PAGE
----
From the Chronicle of Higher Ed.
April 21, 2015
For Those Without One, College Degrees Are Seen as Important but Too Expensive
By Casey Fabris
In the eyes of Americans without college degrees, higher education seems necessary but too expensive.
That is one of the main takeaways in a report released on Monday by the American Enterprise Institute, “High Costs, Uncertain Benefits: What Do Americans Without a College Degree Think About Postsecondary Education?”
The report was based on a survey of more than 1,500 people who lack college degrees about their perception of a college education. It echoed some of the findings of a public-opinion survey, released last week, of broader views of higher education.
People without a college degree recognize its importance, according to the new survey, with 84 percent of respondents agreeing or strongly agreeing with the idea that some form of postsecondary education was needed to get a good job. But survey participants didn’t necessarily think they needed a college credential themselves, with 43 percent indicating they were satisfied with their level of education.
Only 60 percent agreed or strongly agreed with the idea that a college education was worth the cost. And the high cost of college was the top reason given for why some people do not enroll in college.
Families “feel trapped between something that’s necessary for their kids or for them, that is simultaneously way too expensive often for them to afford,” said Andrew P. Kelly, author of the report and director of the institute’s Center on Higher Education Reform, at an event on Monday to roll out the study’s findings.
Those who took the survey did not have a good understanding of how much college costs, the difference between a college’s sticker price and net price, or how higher education could affect their earnings. When asked to estimate the cost of tuition and fees at a community college nearby, about 51 percent overestimated the cost, and about 28 percent were not able to make an estimate.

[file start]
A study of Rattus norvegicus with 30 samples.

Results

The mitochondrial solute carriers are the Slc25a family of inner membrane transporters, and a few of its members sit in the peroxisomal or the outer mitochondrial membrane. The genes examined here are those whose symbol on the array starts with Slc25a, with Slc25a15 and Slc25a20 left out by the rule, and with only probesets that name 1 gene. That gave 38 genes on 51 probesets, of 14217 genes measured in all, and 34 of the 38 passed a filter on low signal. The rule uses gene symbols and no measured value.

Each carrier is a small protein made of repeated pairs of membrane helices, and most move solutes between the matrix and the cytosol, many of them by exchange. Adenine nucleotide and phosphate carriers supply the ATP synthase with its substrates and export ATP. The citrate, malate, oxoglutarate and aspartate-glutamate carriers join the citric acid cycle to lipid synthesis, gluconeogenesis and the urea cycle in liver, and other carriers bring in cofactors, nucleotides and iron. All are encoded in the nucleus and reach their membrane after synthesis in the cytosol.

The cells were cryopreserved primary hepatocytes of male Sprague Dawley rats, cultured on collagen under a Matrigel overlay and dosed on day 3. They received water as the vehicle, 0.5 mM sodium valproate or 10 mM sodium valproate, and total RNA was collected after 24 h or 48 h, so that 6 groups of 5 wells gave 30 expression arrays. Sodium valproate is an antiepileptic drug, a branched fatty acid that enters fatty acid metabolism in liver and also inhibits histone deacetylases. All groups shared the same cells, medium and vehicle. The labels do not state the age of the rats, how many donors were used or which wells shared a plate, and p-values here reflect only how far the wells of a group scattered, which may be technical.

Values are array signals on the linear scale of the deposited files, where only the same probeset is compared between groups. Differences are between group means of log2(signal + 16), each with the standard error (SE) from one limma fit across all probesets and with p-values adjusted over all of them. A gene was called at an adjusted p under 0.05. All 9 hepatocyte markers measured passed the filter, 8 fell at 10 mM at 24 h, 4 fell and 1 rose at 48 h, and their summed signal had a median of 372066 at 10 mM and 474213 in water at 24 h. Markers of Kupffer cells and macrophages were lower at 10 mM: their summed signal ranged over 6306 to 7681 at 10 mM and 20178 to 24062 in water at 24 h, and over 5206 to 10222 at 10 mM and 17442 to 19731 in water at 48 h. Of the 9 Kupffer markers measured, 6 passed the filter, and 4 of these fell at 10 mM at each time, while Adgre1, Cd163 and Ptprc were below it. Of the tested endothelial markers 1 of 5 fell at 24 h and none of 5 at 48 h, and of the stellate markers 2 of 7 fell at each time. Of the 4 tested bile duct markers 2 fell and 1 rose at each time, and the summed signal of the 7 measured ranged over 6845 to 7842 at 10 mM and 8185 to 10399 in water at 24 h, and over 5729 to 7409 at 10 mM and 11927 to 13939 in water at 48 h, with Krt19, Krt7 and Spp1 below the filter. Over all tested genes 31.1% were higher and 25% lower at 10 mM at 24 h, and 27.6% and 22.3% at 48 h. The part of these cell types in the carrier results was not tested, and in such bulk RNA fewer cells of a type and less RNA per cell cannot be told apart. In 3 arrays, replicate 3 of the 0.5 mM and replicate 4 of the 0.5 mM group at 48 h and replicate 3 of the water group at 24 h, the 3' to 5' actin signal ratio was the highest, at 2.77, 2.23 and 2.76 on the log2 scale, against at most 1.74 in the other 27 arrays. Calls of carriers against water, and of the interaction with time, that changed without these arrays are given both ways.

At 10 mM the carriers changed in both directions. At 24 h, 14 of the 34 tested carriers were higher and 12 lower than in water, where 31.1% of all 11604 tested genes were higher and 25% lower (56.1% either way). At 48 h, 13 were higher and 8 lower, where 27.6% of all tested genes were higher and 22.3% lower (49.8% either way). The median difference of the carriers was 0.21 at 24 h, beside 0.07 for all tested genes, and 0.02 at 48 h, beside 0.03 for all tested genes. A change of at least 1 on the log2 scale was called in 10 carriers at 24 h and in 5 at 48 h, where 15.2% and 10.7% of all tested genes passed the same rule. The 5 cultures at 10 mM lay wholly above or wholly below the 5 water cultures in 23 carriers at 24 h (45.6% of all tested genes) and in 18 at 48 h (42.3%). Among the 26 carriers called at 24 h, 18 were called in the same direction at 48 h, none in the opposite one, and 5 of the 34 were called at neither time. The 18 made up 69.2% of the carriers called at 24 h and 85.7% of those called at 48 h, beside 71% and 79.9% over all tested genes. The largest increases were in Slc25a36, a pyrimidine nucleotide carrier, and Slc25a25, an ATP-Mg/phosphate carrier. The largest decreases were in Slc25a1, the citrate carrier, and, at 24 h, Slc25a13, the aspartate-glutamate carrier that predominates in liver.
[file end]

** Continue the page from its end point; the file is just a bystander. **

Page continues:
Prospective students need better information on options, affordability, and return on investment, argued panelists at the event. But having and disseminating that information isn’t simple, especially if potential consumers aren’t looking for it. “If people aren’t in the market, why would they even know any of this?” asked Mark S. Schneider, a visiting scholar at the institute and vice president of the American Institutes for Research.
Mr. Schneider said one of the most important lessons of Mr. Kelly’s work was its indication that the “national addiction to the bachelor’s degree” must be stopped. “It is not the only postsecondary credential that matters, it is not the only postsecondary credential that has economic payoff,” Mr. Schneider said. “It’s too long, it’s too expensive, but it’s what most people think about when we say ‘postsecondary credential.’”
There are other alternatives, he said, such as associate degrees or certificates, that could make a graduate more money than the average bachelor’s-degree recipient earns.